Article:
Monday, January 29, 2007
Photography is all about the details. Larger monitors give you a better perspective on your images.
Another important aspect of larger LCD monitors is that they generally have wider viewing angles than smaller LCD monitors. Unlike the smaller LCDs, which require a near-center viewing position, large LCD displays remain visible from the side, above or below. With a spacious LCD, you'll be better able to share your work with friends sitting beside you, and you'll get a more consistent view for image editing.
Amazingly, the 20-inch LCD monitors featured here take up less physical space than even a small CRT. If you're still using one of these older displays, you can get a much bigger virtual desktop while eliminating clutter on your real one.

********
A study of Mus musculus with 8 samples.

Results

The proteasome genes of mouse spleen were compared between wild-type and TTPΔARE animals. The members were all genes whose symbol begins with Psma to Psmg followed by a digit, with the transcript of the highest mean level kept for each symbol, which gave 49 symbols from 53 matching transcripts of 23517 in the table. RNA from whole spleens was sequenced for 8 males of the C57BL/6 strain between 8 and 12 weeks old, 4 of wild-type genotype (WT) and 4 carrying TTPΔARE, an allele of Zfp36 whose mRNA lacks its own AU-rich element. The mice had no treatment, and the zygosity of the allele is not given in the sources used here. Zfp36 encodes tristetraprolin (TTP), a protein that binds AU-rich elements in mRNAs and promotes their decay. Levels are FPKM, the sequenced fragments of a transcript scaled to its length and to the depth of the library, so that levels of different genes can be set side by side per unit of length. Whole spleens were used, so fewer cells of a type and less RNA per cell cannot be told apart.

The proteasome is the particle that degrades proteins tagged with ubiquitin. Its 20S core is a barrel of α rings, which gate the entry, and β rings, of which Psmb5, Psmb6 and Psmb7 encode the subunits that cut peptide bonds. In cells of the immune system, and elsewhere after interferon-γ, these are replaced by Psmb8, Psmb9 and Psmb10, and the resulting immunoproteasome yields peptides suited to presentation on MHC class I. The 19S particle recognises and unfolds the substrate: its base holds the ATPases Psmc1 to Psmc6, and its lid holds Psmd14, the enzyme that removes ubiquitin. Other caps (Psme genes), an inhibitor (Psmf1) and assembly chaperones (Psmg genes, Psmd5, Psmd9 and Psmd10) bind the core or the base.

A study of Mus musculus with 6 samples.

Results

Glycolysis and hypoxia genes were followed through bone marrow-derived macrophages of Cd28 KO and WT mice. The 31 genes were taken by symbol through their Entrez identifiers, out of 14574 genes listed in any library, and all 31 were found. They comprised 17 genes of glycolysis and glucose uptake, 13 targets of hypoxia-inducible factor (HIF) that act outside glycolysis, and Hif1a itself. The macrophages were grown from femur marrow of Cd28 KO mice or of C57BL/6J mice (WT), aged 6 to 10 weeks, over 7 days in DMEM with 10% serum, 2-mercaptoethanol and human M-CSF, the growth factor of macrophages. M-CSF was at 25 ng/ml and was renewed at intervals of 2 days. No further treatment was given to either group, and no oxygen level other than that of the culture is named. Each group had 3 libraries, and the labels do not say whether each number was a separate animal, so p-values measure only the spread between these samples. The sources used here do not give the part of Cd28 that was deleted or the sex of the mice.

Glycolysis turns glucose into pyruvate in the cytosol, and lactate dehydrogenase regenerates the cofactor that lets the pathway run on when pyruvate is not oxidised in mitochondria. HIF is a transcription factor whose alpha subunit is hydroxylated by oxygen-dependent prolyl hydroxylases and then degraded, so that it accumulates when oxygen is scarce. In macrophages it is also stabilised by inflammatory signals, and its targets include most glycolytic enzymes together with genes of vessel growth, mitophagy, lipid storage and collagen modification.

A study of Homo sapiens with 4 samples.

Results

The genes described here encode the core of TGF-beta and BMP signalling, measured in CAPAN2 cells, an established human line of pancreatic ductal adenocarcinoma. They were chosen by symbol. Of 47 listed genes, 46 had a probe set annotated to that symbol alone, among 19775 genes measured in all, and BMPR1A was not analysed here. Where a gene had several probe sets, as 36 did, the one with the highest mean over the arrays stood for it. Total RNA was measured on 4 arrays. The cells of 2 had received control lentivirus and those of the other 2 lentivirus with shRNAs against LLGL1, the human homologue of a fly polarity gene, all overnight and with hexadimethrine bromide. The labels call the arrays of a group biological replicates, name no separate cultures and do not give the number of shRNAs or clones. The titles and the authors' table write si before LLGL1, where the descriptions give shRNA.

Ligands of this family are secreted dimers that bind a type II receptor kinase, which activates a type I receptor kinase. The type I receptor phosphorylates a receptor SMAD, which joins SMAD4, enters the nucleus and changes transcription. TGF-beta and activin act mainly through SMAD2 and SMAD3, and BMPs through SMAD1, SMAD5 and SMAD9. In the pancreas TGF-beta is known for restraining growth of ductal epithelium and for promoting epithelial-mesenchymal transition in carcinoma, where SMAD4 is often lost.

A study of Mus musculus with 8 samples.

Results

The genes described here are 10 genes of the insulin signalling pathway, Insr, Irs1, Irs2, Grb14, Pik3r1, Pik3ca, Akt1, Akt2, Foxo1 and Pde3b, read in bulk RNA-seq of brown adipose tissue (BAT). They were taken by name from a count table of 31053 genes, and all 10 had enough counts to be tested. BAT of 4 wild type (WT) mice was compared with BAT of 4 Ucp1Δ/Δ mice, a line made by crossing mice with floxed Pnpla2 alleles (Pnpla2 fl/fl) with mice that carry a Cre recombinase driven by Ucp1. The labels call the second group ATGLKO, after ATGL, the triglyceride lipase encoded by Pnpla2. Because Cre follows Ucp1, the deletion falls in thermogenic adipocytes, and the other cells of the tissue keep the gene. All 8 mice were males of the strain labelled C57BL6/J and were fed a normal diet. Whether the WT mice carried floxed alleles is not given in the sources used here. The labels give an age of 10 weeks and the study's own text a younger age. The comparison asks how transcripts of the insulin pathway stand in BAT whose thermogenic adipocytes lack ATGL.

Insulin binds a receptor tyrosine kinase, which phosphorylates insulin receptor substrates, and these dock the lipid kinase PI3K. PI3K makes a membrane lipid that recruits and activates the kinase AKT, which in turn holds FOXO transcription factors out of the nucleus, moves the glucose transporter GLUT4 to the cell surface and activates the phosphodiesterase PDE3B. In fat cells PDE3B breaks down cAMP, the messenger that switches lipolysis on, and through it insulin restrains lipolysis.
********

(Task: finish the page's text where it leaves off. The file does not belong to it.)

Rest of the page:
Projectors And Screens
If you want a really big view of your photos, projectors let you view them in terms of feet, not inches. More affordable than some high-end LCD monitors, they also allow you to display images to great numbers of people at one time.
There are two types of projectors: LCD (liquid crystal display) and DLP (digital light processing). The technology behind them is different, but both offer great image quality.
For the best clarity and sharpness, which is essential if you're planning to use the projector for viewing text in addition to images, you want a unit with high resolution-XGA as a minimum. XGA projectors offer a resolution of 1024 x 768 and are becoming more popular as their prices come down. The higher resolution of an XGA projector produces greater detail, and because there are more pixels used to make the image, each pixel is smaller and therefore less visible on screen.
SXGA projectors go even higher and sport a resolution of 1280 x 1024. They're more pricey than the XGA models, but are the better investment if you plan to use your projector as your primary monitor for viewing photos. The extra expense might be a good decision if you also plan to use your projector as part of a home theater setup.